Volume 91, Issue 66

Tuesday, January 27, 1998



Bogus penises taste like the real thing in Chinese markets

By Sabrina Carinci
Gazette Staff

The sale of seal penises as a Chinese aphrodisiac has been going on for thousands of years in Asia, but don't be fooled by the fancy packaging or the $650 price tag.

After studying 27 pickled penises, scientists from McMaster University in Hamilton and the University of Guelph found only one to be the penis of a seal. Scientists have recently found that cow and dog penises are just some of the types of genitalia being passed off as seal penises when sold as aphrodisiacs.

The selling of fraudulent penises has become common because a lot more money can be made from selling cow penises which are siad to be seal penises – the customer would never really know, said Bradley White, professor of biology and geneticist at McMaster.

"We wanted to know where [the penises] had originated from and if any of them were endangered species. However, we were only able to extract DNA from 20 of the 27 samples because some were too dry to collect samples from," White said.

The seal penis found by White and his associates came from a fur seal but they were unable to determine if the seal was an endangered Australian seal. The possibility of there being endangered seals on the market, however, is high, White said.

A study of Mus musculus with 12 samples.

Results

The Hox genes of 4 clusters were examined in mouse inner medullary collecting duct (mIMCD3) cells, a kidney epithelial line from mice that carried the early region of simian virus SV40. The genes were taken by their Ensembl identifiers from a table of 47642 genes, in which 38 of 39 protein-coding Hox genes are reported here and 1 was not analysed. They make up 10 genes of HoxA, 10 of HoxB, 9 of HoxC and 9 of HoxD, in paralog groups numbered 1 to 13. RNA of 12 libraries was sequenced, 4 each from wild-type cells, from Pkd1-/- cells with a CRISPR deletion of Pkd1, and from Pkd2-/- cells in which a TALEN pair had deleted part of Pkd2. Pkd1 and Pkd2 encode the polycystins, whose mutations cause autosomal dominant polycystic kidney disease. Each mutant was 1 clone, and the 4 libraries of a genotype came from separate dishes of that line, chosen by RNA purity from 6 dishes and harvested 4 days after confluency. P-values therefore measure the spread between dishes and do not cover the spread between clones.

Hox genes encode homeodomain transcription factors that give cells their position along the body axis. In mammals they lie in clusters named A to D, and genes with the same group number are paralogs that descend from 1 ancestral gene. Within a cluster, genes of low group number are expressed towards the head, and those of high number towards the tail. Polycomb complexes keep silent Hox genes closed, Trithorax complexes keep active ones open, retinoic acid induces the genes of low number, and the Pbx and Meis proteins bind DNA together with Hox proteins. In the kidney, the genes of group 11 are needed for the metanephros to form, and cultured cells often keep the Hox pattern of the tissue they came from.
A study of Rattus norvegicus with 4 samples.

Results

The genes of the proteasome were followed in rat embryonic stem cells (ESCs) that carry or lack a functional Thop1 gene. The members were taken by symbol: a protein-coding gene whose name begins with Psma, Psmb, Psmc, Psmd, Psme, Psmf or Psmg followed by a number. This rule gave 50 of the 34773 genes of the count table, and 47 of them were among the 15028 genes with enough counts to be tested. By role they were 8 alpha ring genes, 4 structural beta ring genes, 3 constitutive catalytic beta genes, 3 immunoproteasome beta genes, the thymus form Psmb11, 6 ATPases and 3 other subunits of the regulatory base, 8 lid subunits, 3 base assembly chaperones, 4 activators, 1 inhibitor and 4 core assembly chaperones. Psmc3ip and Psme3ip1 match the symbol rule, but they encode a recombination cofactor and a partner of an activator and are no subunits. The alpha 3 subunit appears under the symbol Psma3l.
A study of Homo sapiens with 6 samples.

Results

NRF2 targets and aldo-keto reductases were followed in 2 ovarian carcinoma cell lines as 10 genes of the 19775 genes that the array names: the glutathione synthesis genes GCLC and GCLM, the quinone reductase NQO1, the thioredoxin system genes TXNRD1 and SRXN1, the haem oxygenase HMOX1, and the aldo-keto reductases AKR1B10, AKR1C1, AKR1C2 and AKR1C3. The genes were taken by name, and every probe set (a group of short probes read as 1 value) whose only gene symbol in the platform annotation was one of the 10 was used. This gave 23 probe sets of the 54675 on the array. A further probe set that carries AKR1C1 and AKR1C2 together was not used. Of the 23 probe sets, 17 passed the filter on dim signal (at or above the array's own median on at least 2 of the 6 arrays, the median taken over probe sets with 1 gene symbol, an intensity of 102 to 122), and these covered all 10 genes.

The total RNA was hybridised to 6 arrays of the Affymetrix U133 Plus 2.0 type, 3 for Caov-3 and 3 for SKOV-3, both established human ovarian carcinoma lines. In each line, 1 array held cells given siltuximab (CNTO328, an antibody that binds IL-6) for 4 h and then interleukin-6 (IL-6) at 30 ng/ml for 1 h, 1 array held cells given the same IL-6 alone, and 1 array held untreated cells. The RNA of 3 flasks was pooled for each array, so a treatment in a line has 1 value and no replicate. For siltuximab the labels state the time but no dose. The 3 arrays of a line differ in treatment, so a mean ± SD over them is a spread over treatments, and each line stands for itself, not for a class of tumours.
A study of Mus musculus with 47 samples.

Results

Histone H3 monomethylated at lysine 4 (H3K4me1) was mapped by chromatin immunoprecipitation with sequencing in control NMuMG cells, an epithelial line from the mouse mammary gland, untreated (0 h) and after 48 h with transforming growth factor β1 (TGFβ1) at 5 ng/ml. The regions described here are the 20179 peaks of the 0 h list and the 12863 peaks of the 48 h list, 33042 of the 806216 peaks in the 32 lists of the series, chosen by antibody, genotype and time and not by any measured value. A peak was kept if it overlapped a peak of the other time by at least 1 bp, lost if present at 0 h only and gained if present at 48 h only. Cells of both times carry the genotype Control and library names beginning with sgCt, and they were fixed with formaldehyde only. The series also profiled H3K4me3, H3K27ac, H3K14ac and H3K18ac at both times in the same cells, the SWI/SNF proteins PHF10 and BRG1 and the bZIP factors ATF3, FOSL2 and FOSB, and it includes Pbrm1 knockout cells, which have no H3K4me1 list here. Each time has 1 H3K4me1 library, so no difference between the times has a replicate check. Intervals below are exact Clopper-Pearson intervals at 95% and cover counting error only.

Seal penises are used for a variety of things, mostly three-penis wine – a combination which requires the penis of a seal, a dog and a deer, said David Lavigne, a scientist from the University of Guelph and executive director of the International Marine Mammal Association Incorporated. The aphrodisiac can also be taken as a pill or made into a drink.

Perhaps the most upsetting part of killing seals solely for their penises and testicles is that there is no scientific evidence the concoctions enhance any kind of sexual pleasure or function, Lavigne said.

"It's ludicrous – there's no basis for it," said John Wiebe, an endocrinologist and professor of zoology at Western. "It's an ancient idea. People used to eat hearts to gain courage and brains to become more intelligent – anyone in the 20th century should know better," he said.

There's a fair bit of evidence that in some men impotence is psychological, so if they use this aphrodisiac, thinking it will cure them, it just might, said Dave Ankney, a professor of zoology at Western. Yet there is a lot more evidence that suggests otherwise, Ankney added.

"The sale and trade of seal penises is legal," said Laurie Kingston, communication coordinator for the International Fund for Animal Welfare. "But it is a violation of policy to abandon a seal once its genitalia have been removed which is a large part of the problem as to the legalities of the issue," Kingston said.

An Angus Reid poll which was released Sept. 4, 1997 stated that 84 per cent of Canadians thought the hunting of seals should be illegal. Although there are no specific regulations as of yet, Kingston hinted the IFAW was working to change this fairly soon.